Leading article: A resolution that offers no respite from the bloodshed


This resolution fails to call for an immediate and unconditional ceasefire or the withdrawal of Israeli troops from southern Lebanon. Israel also retains the right, under the agreement, to launch defensive attacks on Lebanon if Hizbollah missile strikes continue. These glaring exemptions are at the heart of the problem. Hizbollah has long insisted that they will only cease military operations when Israeli troops withdraw from Lebanese territory and when the bombardment of their country stops. What we have here is a recipe for further violence. Both sides can now claim to be acting "defensively" while, in fact, further stoking the fires of the conflict. It will take only the smallest of pretexts, from either side, to spark hostilities again.

Only an unconditional ceasefire, imposed immediately on both sides, would create the necessary breathing space to forge a proper settlement. While Katyusha rockets are pounding northern Israel and the Israeli bombardment of Lebanon by land, sea and air continues, no solution can be found. Those caught up in this crisis, which now stretches into its fourth week, can take no comfort from this resolution. And it is small wonder that the Lebanese government is unhappy with the agreement. Fouad Siniora's administration is offered nothing that would shore up its severely weakened grip on the country.

It is telling that neither side was showing signs of restraint on the ground yesterday, despite the apparent imminence of a settlement. Twelve were killed in northern Israel, in a particularly bloody attack, and at least 19 by Israeli raids in Lebanon. Three UN peacekeepers were also injured in the crossfire. Both the Israeli army and Hizbollah commanders believe they now have an extended window of time to pound their opponents.

They are, sadly, correct. In New York, the all-important issue of a multinational force to police the ceasefire has not even been broached. A second resolution dealing with the question has yet to be negotiated. There is a depressing amount of diplomatic wrangling to come. France, the nation expected to lead the force, does not want to disarm Hizbollah itself, but to support the Lebanese army in doing so. It is unlikely the US, or Israel, will accept such an arrangement, since they have little faith in the Lebanese military. And even if an agreement is eventually reached, it is likely to take at least two weeks for UN troops to be deployed on the ground in southern Lebanon.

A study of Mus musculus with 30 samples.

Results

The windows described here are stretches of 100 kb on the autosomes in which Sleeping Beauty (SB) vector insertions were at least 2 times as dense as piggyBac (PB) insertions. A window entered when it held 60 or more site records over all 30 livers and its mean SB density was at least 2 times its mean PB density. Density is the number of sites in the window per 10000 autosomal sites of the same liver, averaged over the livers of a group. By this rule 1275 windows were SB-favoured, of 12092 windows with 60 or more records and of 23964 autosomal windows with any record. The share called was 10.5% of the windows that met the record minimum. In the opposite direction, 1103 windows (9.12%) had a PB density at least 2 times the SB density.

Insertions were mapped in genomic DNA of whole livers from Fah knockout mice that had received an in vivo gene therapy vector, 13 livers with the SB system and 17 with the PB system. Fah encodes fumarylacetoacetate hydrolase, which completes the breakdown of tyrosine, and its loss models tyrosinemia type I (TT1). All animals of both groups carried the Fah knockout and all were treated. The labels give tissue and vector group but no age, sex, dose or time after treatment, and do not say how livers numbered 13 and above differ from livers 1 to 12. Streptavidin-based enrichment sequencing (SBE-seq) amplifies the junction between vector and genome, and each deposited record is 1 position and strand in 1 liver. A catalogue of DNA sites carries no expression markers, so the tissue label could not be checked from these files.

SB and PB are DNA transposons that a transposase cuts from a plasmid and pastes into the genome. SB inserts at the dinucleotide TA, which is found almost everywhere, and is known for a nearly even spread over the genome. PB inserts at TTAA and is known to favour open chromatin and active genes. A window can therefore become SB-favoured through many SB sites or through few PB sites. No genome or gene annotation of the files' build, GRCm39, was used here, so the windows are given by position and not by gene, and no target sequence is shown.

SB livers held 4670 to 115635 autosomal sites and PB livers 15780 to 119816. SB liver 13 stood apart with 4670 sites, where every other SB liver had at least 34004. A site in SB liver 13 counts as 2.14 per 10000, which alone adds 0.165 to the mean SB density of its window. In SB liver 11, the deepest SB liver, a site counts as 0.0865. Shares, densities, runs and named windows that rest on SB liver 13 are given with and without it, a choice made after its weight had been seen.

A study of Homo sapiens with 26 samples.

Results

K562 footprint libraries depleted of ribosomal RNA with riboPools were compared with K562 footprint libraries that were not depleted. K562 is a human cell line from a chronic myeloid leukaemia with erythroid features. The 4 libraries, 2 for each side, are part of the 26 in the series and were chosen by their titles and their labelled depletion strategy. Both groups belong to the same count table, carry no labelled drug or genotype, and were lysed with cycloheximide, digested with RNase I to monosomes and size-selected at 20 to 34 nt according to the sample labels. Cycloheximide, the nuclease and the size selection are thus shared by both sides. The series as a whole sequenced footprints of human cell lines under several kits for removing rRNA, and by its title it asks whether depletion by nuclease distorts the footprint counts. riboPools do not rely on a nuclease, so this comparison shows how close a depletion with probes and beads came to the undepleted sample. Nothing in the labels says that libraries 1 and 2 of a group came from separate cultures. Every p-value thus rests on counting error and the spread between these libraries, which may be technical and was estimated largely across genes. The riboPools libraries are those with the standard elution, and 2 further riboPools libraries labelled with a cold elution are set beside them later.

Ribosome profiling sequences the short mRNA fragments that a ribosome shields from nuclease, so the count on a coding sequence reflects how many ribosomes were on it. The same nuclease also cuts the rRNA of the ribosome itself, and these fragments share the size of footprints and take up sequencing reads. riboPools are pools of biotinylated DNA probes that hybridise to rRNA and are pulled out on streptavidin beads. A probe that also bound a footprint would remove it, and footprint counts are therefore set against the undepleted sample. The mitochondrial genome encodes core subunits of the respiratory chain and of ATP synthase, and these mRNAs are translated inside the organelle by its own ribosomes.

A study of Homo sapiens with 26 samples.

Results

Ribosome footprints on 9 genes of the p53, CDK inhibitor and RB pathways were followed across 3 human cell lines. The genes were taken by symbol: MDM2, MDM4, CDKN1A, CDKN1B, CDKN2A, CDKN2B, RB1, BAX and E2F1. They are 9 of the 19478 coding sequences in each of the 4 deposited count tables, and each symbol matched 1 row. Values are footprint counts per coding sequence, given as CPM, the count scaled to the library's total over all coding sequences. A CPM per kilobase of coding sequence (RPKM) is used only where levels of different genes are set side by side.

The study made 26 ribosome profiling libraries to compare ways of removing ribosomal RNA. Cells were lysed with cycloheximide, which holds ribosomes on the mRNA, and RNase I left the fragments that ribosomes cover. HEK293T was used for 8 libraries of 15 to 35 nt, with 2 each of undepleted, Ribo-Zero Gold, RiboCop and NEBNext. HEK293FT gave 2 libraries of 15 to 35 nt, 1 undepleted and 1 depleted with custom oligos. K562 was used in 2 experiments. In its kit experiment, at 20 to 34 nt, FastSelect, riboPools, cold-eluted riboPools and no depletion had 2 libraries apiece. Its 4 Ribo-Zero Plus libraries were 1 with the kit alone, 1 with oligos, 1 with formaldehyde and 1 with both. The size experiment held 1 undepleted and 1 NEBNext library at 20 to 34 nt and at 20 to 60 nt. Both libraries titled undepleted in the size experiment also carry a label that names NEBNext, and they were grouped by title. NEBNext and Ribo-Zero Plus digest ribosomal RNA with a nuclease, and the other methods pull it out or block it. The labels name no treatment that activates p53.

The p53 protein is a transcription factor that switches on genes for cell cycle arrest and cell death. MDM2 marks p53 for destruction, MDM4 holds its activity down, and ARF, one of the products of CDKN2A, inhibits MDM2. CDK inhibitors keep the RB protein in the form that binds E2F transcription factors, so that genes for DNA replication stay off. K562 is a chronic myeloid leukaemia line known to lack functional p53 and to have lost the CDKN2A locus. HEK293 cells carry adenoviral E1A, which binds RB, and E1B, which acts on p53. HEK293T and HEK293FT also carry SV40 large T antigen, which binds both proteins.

This is happening far too slowly. The international community is still not treating this situation with the urgency it requires. The US Secretary of State, Condoleezza Rice, yesterday hailed the new resolution as "the first step, not the only step" towards peace. She is wrong. This is not even the first step. The first step will be an unconditional ceasefire. All that the Lebanese and Israeli populations are being offered at this time is more violence and death. And the prospect of a fair and lasting settlement is pushed further away with every day the bloodshed continues.